Whitney Tower
September 10, 1956
As the rains lashed the Saratoga track for two days before the 52nd running of the Hopeful, there was more than the usual amount of excitement among owners of the best 2-year-olds in the East still in training. This, as everyone knew, was the biggest test so far: the first time any 2-year-olds in the country would have to go six and a half furlongs. Furthermore, nobody had to be reminded of Racing Secretary Jimmy Kilroe's words: "That Saratoga mud has dropped many a champion."

King Hairan Takes On All Comers In The Mud, Wins A Test Race While His Owner Drinks Beer, And Provides A Fine Saratoga Windup


It looked as if the Hopeful would seem more like seven furlongs to most of the seven starters who represented the survivors of an original roster of 302 eligible horses, and nobody yet knew which colts could go the distance even under ideal conditions.

Almost nobody knew, that is. At barn 25, the morning before the race, Leonard Hunt, the diminutive man with a broad smile who trains King Hairan for the partnership of Leo Edwards and Harry B. Massey, sat in judgment as the stable hands put the big brown colt (by King's Stride out of Lady Hairan by Hairan) back in his stall. "Nobody can tell me he isn't a champion," said Hunt. "Some people are making a lot of the fact that we lost twice to Bold Ruler. Well, to tell the truth, I think he was a little short both times. Now I'm only sorry that Bold Ruler isn't in the Hopeful—because we're ready for him and everybody else."

King Hairan was certainly ready for everything within sight last Saturday. So confident, in fact, was Trainer Hunt that, as the field entered the starting gate, he turned around in his box to announce to Co-owners Edwards and Massey, "I figure he'll do it in just about 1:18 2/5." Massey, a prosperous Pittsburgh Buick dealer with a second home in Miami, nodded politely. Hunt looked for some response from Leo Edwards, the former chairman of the Florida State Racing Commission. But Edwards had vanished, and the field was off. In no time at all Edward P. Taylor's Nearctic was barreling off to a four-length lead, followed by King Hairan and then Greentree Stable's Cohoes. They kept this order until Arcaro sent King Hairan to the front at the quarter pole, and from that moment on the race was all but settled. Nearctic bore out and stopped quite badly in the stretch and, while Cohoes was maneuvering to avoid him, Walter M. Jeffords' Gannet shot up along the rail to take second place a length and a quarter behind King Hairan. Cohoes was third. The time—wouldn't you know it—was exactly 1:18 2/5.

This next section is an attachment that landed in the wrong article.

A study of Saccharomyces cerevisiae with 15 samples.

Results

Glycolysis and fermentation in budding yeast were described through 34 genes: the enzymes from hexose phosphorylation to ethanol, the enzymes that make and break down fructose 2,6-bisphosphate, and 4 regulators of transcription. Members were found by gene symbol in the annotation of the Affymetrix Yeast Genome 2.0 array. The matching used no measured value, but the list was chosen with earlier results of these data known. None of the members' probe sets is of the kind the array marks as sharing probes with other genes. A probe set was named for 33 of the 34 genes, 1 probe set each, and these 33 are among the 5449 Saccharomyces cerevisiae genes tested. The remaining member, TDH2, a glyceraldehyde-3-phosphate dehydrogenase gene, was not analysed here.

As they summoned the winners for the presentation ceremony, the elusive Leo Edwards made a reappearance at trackside. He explained apologetically: "I get so nervous at the sight of watching my horses run that I've never seen King Hairan race. When they go into the gate I've got to get away from everything. Sometimes I go for a walk. Today I went under the stands and had a beer."

It had been a great day for the King Hairan camp. A great day, too, for the state of Florida, which has now sent out two consecutive Florida-breds to win the Hopeful (the 1955 winner: Needles). "It was King Hairan's best race by far," said Trainer Hunt.

Co-owner Edwards, who had gone for a glass of champagne in the trustees' room, was by now all smiles. "King Hairan has now won a Maiden and eight stakes [and $189,575 in purses to his purchase price of $36,000] in 12 starts. If that isn't a wonderful job of training, I don't know what is." He looked around him happily and added "As a matter of fact, I've decided that the next time he runs I'll forget about my beer. I think I'd like to watch him race. He must be good."

The four-week Saratoga meeting, which ended on Hopeful day, was a tremendous success. Attendance was up about 8% over 1955's figures, and the mutuel handle went up some 10%. In 1957 this phase of the GNYA's operation has a good chance to break even.

The men who control racing in the state of New York want Saratoga to keep running for a long time to come. Last week three of the GNYA's top executives—Boylston A. Tompkins, Walter M. Jeffords and Christopher T. Chenery—bought new homes in Saratoga. Do you suppose they bought them just to come up and take the baths?